Huawei dominates in African markets, where it has sold security tools that governments use for digital surveillance and censorship. Now former employees of the Chinese Company have revealed, according to the Wall Street Journal, that the Chinese Company personally helped African governments spy on their political opponents, including intercepting their encrypted communications and social media, and using cell data to track their whereabouts.

In Kampala, Uganda, last year, a group of six intelligence officers struggled to contain a threat to the 33-year regime of President Yoweri Museveni.

His opponent, a pop star turned political sensation, Bobi Wine, had returned from Washington with U.S. backing for his opposition movement, and Uganda’s cyber-surveillance unit had strict orders to intercept his encrypted communications.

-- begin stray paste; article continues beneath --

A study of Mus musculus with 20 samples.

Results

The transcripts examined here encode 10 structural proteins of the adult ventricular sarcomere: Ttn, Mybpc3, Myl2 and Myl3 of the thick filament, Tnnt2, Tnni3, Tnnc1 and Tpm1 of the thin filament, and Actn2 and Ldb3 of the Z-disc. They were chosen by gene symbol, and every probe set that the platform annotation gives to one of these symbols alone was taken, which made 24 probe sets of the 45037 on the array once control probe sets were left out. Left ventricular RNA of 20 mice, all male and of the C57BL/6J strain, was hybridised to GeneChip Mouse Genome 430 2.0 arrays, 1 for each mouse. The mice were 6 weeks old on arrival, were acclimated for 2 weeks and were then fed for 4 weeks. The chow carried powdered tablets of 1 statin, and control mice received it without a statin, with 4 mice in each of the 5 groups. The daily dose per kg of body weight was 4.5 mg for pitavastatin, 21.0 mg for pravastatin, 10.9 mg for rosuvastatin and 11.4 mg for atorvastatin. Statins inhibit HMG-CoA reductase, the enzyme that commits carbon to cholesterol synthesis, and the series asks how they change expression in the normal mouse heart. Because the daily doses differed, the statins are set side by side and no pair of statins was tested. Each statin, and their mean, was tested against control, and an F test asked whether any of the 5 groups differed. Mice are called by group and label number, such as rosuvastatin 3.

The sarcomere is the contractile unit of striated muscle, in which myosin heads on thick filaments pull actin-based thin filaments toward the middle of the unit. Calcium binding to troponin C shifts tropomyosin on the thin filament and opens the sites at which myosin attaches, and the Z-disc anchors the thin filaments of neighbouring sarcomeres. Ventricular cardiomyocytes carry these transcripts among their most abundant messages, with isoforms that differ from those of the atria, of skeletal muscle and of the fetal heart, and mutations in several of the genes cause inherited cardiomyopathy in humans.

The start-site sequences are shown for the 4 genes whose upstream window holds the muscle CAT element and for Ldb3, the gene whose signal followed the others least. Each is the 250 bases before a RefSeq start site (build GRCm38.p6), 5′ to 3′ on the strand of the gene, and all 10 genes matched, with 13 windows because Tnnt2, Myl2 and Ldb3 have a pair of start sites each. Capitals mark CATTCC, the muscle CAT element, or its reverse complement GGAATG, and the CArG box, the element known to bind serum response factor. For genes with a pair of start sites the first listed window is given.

According to Huawei officials, an intelligence team, based on the third floor of the capital’s police headquarters, spent days trying to penetrate Mr. Wine’s WhatsApp and Skype communications using spyware developed by an Israeli company, but failed.

Then they asked for help from Huawei, Uganda’s top digital supplier.

“The Huawei technicians worked for two days and helped us puncture through,” said one senior officer at the surveillance unit.

The Huawei engineers, identified by name in internal police documents reviewed by the Journal, used the Israeli-made spyware to penetrate Mr. Wine’s WhatsApp chat group, named Firebase crew after his band.

The Journal’s investigation included classified police documents and parliamentary committee documents, and interviews with more than a dozen senior security officials working with Huawei in African countries, and with diplomats, cyber-defence officials and opposition activists who say they have had their communications compromised.

Uganda’s government confirmed Huawei technicians were working with its police and intelligence agencies to bolster national security but declined to comment on the allegations of intercepting communications.